We all know how important accurate pavement marking is to the safety of the traveling public, however these markings become even more paramount in airport applications. When you add in a military factor, your job as a striping contractor just got a whole lot more difficult.
The Naval Facilities Engineering Command (NAVFAC) awarded the contract on June 26 of 2013 to Head Inc., a small business out of Columbus, OH, for construction of a simulated landing helicopter dock (LHD) flight deck at Marine Corps Air Station (MCAS), Beaufort, SC.
Head Inc. specializes in concrete paving on airfields, but for the striping portion of the job, they hired Roads & Runways Striping Service, Inc. out of Daytona Beach, FL to complete the pavement markings on the runways.
Project cost was estimated around $11 million with the striping subcontract around about $60,000 for Brian Boatner, president of Roads & Runways, and his son Ben. They completed 70,000 sq. ft. of striping in a short two week timeframe.
No Room for Mistakes
As with any project there was no room for error, but precision was especially important here as the flight deck was to serve as a training tool for future LHD marine pilots.
Construction included a LHD flight deck made with high temperature resistant concrete and a new Landing Officer Safety Officer tower to support F-35 training and operational squadrons. The project also included construction of a simulated short takeoff and vertical landing (STOVL) LHD landing deck with foreign object debris (FOD) zones, airfield lighting and associated electrical upgrades. The simulated LHD will have all the working lights and equipment found aboard a ship. The base is solid concrete made exactly to the dimensions of the real one.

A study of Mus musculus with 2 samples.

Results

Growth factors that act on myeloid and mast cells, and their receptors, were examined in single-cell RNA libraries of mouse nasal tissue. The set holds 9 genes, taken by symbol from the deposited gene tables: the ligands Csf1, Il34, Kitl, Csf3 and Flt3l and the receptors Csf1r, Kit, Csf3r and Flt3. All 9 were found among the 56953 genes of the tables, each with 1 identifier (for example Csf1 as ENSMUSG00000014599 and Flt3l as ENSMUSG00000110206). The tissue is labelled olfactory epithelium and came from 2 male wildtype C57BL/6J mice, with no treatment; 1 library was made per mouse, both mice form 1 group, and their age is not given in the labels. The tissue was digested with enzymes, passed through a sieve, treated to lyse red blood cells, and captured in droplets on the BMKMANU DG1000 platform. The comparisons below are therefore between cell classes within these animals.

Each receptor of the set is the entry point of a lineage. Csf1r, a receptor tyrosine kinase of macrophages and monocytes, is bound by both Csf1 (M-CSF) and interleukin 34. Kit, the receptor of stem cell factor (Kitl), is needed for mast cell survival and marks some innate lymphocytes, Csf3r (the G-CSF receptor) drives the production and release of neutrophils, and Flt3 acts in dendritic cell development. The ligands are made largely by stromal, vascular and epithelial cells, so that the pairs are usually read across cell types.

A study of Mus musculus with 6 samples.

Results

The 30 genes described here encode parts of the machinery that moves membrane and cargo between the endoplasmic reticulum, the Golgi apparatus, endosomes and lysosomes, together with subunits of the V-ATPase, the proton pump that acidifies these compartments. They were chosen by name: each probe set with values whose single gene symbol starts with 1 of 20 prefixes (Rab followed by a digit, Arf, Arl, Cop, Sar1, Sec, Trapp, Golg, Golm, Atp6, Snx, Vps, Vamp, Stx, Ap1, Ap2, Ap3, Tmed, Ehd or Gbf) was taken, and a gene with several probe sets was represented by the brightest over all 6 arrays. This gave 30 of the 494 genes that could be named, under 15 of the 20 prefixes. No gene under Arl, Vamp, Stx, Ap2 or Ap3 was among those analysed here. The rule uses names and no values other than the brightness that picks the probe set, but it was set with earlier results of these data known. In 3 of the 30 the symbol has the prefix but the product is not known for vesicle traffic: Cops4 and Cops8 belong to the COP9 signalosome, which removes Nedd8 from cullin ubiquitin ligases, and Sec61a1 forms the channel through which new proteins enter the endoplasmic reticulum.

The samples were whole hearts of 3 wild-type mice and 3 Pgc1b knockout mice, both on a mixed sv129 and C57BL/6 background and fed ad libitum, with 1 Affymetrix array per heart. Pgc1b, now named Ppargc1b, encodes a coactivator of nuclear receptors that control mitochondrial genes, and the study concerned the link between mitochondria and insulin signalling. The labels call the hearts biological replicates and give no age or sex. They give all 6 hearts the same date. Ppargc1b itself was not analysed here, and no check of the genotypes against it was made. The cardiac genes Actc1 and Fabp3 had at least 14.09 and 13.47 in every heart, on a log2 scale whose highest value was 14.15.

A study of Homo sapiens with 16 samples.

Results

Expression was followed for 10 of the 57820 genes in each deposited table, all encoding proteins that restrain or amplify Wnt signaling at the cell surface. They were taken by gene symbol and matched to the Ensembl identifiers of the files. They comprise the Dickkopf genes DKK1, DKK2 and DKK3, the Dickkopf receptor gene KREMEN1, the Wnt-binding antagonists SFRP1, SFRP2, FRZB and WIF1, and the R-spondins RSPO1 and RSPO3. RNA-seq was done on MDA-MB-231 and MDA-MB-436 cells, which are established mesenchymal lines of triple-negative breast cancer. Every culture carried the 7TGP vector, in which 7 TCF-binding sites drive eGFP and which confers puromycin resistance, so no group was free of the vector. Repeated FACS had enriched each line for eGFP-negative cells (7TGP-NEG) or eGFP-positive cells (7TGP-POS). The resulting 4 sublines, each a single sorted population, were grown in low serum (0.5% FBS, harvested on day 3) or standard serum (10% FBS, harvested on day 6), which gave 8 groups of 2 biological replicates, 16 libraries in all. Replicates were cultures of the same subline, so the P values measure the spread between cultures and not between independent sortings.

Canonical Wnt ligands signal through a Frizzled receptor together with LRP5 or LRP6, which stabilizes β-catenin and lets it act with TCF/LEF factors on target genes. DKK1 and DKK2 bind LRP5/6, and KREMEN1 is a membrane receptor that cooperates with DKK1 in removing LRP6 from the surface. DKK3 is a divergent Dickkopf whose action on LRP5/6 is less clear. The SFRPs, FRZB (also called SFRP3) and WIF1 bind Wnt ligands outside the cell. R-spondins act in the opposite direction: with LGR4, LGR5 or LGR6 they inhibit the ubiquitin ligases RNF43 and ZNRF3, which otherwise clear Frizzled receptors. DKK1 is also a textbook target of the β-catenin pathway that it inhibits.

Boatner and his son began their portion of the project by removing the curing compound from the new concrete which they did with an Aqua-Dyne Hydro-blaster.
Then came the fun part; striping.
“The general contractor laid out some of the markings using GPS survey equipment and I would use a transit to make sure all markings were straight and in the precise location,” Boatner says.
A 100' measuring tape and chalkline were also used for the layout.
Boatner used Federal Spec TT-P-1952E, Type II (acrylic) and TT-B-1325D paint and Type I glass beads for the markings. Boatner says they used approximately 650 gallons of white, yellow, red and black paint for the job, which covered about over 70,000 sq. ft of markings on the deck and adjoining taxiway.
“We used an Isuzu striping truck that we built specifically to apply airfield markings and a Graco Linelazer for the small detailed markings,” Boatner says.
The job required a variety of markings from 2" to 48" wide, including various lengths and color combinations.
“When striping airfields the markings have to be pretty exact for safety reasons,” Boatner says. “We have striped hundreds of runways and taxiways around the world but this was our first LHD Flight Deck and it turned out just about perfect. I was within 1/4" on all the markings on this project.”
While accuracy was a huge challenge for Boatner, coordination was another.
“We were working around the other contractors and staying out of each other’s space,” Boatner says. “Electricians were installing the lights, the joint sealers installing silicone sealant, asphalt crew paving the shoulders, it was a challenge but none of the markings were tracked or damaged even though there were about 50 other tradesman doing their thing.”
Boatner has been striping airfields all over the world for the past 40 years and knows this project will stick with him for a very long time. “All the contractors and military personnel were very impressed with the precision of the layout and the final product,” Boatner says. “I have striped airfields all over the world but this project was unique and almost one of a kind.”